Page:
Clothing is sorted at St. Peter’s Catholic Church.
A volunteer goes through donations in the overflow room at St. Peter’s.
A steady stream of people were dropping off donations at the church Wednesday afternoon.
Food is sorted at the church.
St. Peter’s Roman Catholic Church opened its doors to donations Tuesday afternoon after the amount of support overwhelmed the home of Jessica Sharpe just down the street. It’s partly the result of a Facebook group with more than 4,000 members that came together to help out.
On Tuesday night, the page was abuzz with people asking for help or looking to help.
Connolly Street was jammed with cars as people were dropping off everything from food to cleaning supplies at the church Wednesday afternoon. Inside, the basement was overloaded with goods and volunteers in a mad scramble to help people in need.
John Fletcher had been working at the church since 4 a.m. He said he’s probably seen more than 1,000 people helped so far.
”I see a lot of family and friends that are really in dire need,” he said in a brief break between phone calls and organization efforts.
“They need the water to boil the food with. They need the water to make the coffee. They need the water to wash and that’s what they’re doing right now,” he said.
Toiletries, hygiene products and things like diapers and baby formula are still needed. Other things like clothing and bedding have been given to the point that people are now being asked to donate those items to the Clothing Assistance Mission on May Street.
Nik Foirito was one of countless people dropping off donations at the church.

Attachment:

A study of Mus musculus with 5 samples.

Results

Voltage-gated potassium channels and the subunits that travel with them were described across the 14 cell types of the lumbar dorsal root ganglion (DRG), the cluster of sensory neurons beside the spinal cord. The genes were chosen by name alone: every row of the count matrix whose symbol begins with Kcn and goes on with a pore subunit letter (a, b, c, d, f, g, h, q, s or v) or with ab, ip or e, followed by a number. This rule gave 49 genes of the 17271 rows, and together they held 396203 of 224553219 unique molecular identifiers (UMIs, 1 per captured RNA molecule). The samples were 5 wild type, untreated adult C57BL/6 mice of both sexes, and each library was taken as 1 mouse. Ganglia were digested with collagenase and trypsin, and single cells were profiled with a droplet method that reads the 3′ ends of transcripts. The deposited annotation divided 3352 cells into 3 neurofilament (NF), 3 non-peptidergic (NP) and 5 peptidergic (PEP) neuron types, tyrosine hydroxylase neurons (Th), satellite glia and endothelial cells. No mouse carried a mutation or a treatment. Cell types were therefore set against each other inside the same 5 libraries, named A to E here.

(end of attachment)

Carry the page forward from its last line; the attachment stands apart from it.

He brought cleaning supplies after he saw on Facebook that those were needed items. It was a contribution from him and other employees at the Multicultural Association. Foirito said he had a bit of water in his basement Saturday morning.
“Then I saw how bad these basements were and how it all kind of flows down here (to the East End) so I just felt bad and thought we could help out,” he said.
Foirito was impressed by the volunteer effort at the church.
“It’s just jammed in there. They have mountains of stuff so it’s really cool to see.”
St. Peter’s priest Father Terry Sawchuck said he and church members had just gathered to figure out how to help the neighbourhood when a request came in to use the basement.
“Many of our parishioners live in this neighbourhood many of their neighbours and our neighbours are facing the same challenges. The church is probably one of the only dry basements in the whole East End so I think it was a great opportunity to offer that space,” he said.
“It’s quite humbling to see the outpouring of generosity on behalf of the people in Thunder Bay. It’s good to see the best of humanity even in the midst of trial.”
The city, the Red Cross and the Salvation Army will be co-ordinating efforts with the volunteers.